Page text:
Healthy debate between business partners and company officers is not uncommon, however disagreements that turn into protracted conflict or result in a stalemate can have devastating effects on an otherwise thriving business.
Typical disputes between business and company members may concern:
- the general management and daily operations of the business or company including the allocation of authority, range of products or services to be offered, plans for expansion, administration and choice of service providers;
employment and recruitment issues;
- employment and recruitment issues;
- the appointment, remuneration and / or removal of partners or company officers;
- the provision of capital, sourcing of finance, personal guarantees and the allocation of risk;
- the distribution of profits;
- financial and taxation issues;
- minority shareholder disputes.
Minimising partnership and company disputes
Disagreements arise for many reasons, even from circumstances that do not start off as a dispute. For example, the unexpected injury or ill health of a business partner, where there is no pre-existing agreement to deal with such an event, causes uncertainty and may result in a dispute with the remaining partner/s an /or their family members.
An effective way to minimise disputes between business partners and company members is to have a partnership or shareholder agreement professionally drafted from the beginning of the relationship.
A partnership or shareholder agreement is a private contract made between partners or company shareholders that sets out their respective rights, obligations and liabilities. The agreement should contemplate various unforeseen events and set out processes for dealing with these matters and for settling disputes.
Typical terms of a shareholder agreement include:
- Alternative dispute resolution clauses that require members to make a genuine attempt to resolve matters or to participate in mediation or conciliation before commencing legal proceedings.
- Deadlock breakers to deal with circumstances where shareholders cannot agree on the management of the company such as:
- a shotgun clause, allowing a shareholder to break a deadlock by purchasing the shares of the other shareholder at a nominated price;
- a chairman clause, allowing one shareholder to become the chairman with a casting vote; or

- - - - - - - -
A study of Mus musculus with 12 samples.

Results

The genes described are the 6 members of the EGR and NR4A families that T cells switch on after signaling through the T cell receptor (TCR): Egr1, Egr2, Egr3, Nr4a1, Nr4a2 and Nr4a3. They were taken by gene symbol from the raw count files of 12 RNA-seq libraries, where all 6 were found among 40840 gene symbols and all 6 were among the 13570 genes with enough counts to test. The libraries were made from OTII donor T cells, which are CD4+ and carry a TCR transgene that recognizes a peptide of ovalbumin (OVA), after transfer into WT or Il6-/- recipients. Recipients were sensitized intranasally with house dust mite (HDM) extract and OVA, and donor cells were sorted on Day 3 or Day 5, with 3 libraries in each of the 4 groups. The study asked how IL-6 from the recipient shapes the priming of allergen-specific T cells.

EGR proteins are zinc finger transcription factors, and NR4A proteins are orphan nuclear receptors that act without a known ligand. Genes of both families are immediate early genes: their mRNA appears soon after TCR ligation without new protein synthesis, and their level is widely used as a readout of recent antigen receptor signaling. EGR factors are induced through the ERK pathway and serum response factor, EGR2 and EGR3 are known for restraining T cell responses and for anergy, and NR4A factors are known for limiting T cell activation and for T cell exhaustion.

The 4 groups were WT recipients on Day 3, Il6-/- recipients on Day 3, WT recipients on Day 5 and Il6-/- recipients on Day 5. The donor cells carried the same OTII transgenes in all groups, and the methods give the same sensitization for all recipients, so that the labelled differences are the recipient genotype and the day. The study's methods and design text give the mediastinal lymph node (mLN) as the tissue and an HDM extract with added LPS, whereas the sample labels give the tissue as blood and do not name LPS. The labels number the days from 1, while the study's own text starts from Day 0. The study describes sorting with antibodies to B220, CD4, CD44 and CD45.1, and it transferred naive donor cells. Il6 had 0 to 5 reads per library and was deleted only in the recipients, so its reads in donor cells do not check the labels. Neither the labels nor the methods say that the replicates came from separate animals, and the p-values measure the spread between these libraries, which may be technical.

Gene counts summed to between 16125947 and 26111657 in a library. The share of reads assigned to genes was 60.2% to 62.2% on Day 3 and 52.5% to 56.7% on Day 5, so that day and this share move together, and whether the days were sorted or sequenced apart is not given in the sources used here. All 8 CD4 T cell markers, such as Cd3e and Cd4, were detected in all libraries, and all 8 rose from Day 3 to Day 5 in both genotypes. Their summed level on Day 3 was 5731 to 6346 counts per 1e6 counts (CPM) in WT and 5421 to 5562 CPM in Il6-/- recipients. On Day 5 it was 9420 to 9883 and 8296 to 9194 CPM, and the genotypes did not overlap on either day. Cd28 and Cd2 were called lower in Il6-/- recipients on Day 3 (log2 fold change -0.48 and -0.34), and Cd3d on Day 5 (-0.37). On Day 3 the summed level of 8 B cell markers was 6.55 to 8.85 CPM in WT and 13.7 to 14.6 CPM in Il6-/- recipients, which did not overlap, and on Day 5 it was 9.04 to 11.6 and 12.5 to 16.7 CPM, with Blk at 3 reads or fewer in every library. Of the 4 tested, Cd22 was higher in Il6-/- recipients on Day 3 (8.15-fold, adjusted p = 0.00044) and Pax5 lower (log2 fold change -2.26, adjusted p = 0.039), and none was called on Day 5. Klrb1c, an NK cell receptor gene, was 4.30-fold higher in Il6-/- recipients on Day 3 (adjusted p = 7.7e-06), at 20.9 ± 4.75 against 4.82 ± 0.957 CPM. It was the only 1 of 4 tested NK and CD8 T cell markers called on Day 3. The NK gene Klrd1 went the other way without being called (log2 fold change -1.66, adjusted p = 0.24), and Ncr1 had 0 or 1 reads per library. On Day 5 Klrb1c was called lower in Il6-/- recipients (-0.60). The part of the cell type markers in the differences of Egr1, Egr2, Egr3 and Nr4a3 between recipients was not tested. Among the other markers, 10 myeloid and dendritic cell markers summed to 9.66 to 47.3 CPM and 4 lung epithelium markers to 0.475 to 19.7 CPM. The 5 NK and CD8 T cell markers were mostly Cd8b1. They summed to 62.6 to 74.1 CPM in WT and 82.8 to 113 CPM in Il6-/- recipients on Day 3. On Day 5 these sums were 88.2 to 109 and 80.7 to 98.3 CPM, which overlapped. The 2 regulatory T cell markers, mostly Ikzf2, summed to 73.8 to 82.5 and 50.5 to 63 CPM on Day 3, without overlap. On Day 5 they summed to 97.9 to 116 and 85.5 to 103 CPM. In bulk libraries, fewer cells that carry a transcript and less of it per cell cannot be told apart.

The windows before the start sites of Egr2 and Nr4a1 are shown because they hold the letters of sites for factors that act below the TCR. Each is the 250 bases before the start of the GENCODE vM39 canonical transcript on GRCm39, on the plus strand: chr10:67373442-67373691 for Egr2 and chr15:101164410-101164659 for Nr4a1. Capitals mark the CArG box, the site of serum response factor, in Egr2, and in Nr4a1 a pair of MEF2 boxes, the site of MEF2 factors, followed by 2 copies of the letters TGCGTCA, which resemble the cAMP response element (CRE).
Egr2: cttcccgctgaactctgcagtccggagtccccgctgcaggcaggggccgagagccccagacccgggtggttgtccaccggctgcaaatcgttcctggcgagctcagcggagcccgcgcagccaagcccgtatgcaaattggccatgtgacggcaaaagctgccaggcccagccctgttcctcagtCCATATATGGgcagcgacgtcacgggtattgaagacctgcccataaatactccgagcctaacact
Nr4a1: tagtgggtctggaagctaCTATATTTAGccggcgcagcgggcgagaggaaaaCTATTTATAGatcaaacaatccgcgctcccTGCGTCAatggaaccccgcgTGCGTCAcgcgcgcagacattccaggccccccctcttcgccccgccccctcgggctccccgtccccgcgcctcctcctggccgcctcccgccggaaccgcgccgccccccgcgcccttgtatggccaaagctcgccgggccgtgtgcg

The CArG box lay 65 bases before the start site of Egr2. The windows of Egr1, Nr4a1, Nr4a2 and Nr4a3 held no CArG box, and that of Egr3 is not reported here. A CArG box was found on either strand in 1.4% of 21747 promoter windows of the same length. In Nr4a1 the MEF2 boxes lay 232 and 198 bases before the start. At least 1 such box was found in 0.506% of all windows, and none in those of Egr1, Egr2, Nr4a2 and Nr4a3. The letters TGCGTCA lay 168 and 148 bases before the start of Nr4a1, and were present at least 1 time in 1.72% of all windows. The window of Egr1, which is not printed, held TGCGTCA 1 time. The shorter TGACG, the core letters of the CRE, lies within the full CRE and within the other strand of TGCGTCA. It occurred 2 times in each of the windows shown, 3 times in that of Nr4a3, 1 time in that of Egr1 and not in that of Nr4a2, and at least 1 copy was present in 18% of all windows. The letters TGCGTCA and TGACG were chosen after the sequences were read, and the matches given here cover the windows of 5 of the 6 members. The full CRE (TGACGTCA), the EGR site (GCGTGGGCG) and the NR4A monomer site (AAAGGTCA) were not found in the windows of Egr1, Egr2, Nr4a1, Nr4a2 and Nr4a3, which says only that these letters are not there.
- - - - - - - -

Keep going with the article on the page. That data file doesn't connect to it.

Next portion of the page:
- a liquidation clause, providing for the company to be voluntarily wound up if the deadlock continues for a set period of time.
- Pre-emptive rights which impose restrictions on the transfer of shares.
- Mandatory sale events stipulating specific events that trigger a mandatory sale of shares in certain circumstances (for example, if a director dies, resigns or files for personal bankruptcy).
- Share valuation methods to value shares in relation to pre-emptive rights and mandatory sale events.
- Conflict and non-compete clauses to prevent shareholders from investing in or engaging with competing businesses.
Partnership agreements may contain similar provisions.
Resolving company disputes
Whether or not a partnership or shareholder agreement is in place, it is important for all parties to work towards a commercial resolution of a dispute before it turns into protracted proceedings that damage relationships and the profitability and reputation of the business.
A range of options are available to settle disputes between partners and company members. In most instances a dispute can be resolved with considered communication and negotiation between the parties and/or their representatives. When negotiating a settlement, it is important to have a clear understanding of your legal rights and obligations under the laws governing partnerships and companies.
The Corporations Act 2001 (Cth) sets out the framework for the conduct of companies and directors in Australia. The Act provides a range of remedies for a breach of directors’ duties or if the company’s affairs have been oppressive, unfairly prejudicial or contrary to the interests of its members. If the parties to a dispute are intractable and the relationship has completely broken down, the Act also facilitates an application for the company to be wound up.
Being involved in a legal dispute exhausts valuable time and resources of a business entity and its members. A commercial lawyer can assist the parties to reach a fair and practical resolution to provide an optimum outcome for those involved and to minimise disruption and loss to the business.